Rozy Doll single artwork 2021

RōZY rock self-acceptance + female empowerment in new pop-punk single “Doll”

While radio stations often fill with songs focusing on negativity, jealousy, or romance, emerging band RōZY released their empowering pop-punk track “Doll” today that’s about refusing to let society tell you who to be.

Texas-based group RōZY, led by sisters Molly and Zoe Flores, are signed to Megaforce Records — known for legendary metal and rock artists like Metallica, Anthrax, Bad Brains, and Alien Ant Farm. Lead singer-songwriter and guitarist, Zoe, and drummer, percussionist, and backing vocalist, Molly began their journey by winning local talent competitions and appearing on the 2015 Vans Warped Tour. They were later joined by Brandon Martinez (guitar) in 2016 and Charlie Bubenik (bass) in 2019. Since then, they’ve opened up for acts like Puddle of Mudd, Drake Bell, former guitarist for Ozzy Osbourne Jake E. Lee, and The Iron Maidens.

Continuing to create powerful songs and play thrilling live shows that exude authenticity and grit, RōZY made the bold move to have their first-ever release be a cover of Nirvana’s “Come As You Are.”  They executed their take on the classic song beautifully with skilled musicianship and exciting stage presence. “Doll” is their third single to be released, following “Come as You Are” and “Pretty Little Lies” which both came out last year.

Like RōZY’s anthem “Pretty Little Lies,” this song has pop-punk vibes like the music many of us listened to during our middle school and high school years. Zoe told American Songwriter in a previous interview, “I think it’s cool to bring people back to that time period for three minutes.”

And it definitely does! The raspy-edged power vocals remind us of songs from the 2000s like Avril Lavigne or Kelly Clarkson, as Zoe’s voice carries lyrics of “I’ll never be your doll” in a manner both strong and soft. The track’s bridge showcases the higher, more velvety side of her vocals repeating “I won’t be your doll” drilling the theme of refusing to be pliable in a culture that constantly tries to puppeteer all of our behaviours and looks down on anything that falls outside of societal expectations.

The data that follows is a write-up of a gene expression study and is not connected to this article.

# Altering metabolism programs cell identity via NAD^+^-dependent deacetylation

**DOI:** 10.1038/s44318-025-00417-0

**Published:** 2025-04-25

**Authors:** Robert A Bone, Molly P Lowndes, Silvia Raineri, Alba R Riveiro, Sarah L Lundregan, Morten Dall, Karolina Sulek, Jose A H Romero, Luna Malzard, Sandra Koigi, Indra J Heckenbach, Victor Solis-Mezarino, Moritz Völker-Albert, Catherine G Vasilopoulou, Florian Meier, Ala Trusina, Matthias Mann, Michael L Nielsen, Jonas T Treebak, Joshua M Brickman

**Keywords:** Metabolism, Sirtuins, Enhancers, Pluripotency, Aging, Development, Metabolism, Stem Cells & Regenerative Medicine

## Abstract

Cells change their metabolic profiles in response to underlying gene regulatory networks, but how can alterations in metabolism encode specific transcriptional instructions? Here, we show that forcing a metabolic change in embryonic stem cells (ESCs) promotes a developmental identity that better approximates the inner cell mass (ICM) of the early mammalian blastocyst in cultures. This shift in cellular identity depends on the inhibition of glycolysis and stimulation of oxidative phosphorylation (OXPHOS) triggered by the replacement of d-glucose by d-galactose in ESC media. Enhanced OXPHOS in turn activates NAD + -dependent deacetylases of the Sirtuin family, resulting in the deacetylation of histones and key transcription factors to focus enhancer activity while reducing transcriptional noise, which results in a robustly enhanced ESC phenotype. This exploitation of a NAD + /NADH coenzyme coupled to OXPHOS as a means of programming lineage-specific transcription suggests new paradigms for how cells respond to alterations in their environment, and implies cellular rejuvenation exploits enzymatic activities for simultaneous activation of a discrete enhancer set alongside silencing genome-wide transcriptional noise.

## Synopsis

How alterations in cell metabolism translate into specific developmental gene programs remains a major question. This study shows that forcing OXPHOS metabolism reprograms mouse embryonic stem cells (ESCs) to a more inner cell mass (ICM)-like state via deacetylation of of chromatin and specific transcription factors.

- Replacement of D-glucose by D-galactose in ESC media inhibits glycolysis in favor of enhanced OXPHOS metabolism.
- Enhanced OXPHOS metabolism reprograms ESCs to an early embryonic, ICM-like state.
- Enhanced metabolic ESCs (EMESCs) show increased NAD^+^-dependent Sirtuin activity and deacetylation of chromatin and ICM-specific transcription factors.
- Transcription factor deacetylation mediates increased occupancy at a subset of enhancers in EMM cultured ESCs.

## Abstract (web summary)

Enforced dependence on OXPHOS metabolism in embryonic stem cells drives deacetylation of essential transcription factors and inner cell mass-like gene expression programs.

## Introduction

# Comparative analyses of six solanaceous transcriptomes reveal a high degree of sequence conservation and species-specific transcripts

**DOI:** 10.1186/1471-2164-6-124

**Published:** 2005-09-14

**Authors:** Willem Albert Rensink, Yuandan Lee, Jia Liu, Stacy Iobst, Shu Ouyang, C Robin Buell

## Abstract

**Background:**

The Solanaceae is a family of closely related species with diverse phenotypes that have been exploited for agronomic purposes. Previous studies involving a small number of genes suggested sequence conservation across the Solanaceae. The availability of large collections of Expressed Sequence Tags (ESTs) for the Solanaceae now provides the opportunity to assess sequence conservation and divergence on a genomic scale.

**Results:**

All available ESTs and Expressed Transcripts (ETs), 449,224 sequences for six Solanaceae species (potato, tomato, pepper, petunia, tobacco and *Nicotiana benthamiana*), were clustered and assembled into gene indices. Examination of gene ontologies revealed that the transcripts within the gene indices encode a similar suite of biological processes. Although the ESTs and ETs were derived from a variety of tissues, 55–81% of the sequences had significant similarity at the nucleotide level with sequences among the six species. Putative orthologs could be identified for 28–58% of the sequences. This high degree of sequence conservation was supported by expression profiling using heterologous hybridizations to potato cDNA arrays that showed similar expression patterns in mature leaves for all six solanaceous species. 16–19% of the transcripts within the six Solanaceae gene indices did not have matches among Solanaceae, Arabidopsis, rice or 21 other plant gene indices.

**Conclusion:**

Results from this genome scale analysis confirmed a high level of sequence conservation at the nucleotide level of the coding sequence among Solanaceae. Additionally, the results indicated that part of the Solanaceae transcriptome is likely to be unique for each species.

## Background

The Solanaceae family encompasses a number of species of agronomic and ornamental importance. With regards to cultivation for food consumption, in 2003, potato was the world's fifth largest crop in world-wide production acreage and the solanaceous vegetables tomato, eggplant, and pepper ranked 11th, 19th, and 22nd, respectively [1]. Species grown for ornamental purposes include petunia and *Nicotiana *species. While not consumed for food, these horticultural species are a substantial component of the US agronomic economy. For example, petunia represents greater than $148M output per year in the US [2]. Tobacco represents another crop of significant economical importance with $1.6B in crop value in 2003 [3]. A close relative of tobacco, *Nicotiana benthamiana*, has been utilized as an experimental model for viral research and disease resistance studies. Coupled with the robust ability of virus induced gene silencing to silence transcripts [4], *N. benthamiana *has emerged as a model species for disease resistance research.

“Doll” is a simply structured song, with not many extra bells and whistles like we often see in modern tunes which can be overkill. It’s stripped down to the core of what matters in good music: a rock’n backbeat, catchy and original songwriting, boppin’ guitar riffs, and purposeful vocals that make fans — and us — feel good while listening. 

The accompanying music video demonstrates the band’s unique character with fun accents like Molly’s transparent drum set, Zoe’s silvery boots, how bandmates Brandon and Charlie smile as they jump in to sing parts of the song near the end, and even a guest appearance by a sock monkey. 

Colors of black, white, and strategically placed hints of red catch our eyes; Zoe switches between a black glittery guitar and a red one that matches her hair, and in several instances a mound of Raggedy Anne dolls can be seen behind them. Lead-singer Zoe captures our attention with her expressive and animated nature: cutesy at first glance, but more so a fiery front-man.

We’re certain that the Raggedy Anne dolls were a specific choice as the dolls’ bright red hair reflects Zoe’s own, drawing the parallel between her and a doll. And though everyone can relate to the feeling of being suffocated by the pressure to pretend to be someone else to fit in, the image of a doll comes with misogynist implications. Barbie, Polly Pocket, and Bratz are all modern examples of the iconic doll that have evolved from past versions like Raggedy Anne; these highly feminized and moveable toys were, and still are, given to young girls as representations of how they should be: standardized, pretty, quiet, and obedient…what the song refuses to accept.

Most, if not all women, know this feeling all too well, especially those who grew up liking stereotypically non-feminine things. Lyrics of the song like “I’m proud of who I am” serve as a call to, and a great example for, women, fans, and young girls who may be struggling to turn off the voices telling them to change who they are to fit “the mold.”

While some artists fall under the guise of empowerment despite actually singing of revenge, blame, or subtly putting others down to feel better, songs like “Doll” by RōZY truly empower listeners by putting the importance on self-acceptance instead.

Something about listening to this song and watching the dynamic between the band members leaves us feeling upbeat. Despite being pop-punk, this band and their new single present a wholesome and strong air that’s exciting, leave us wanting more, and lay the ground for how RōZY will continue to make their mark.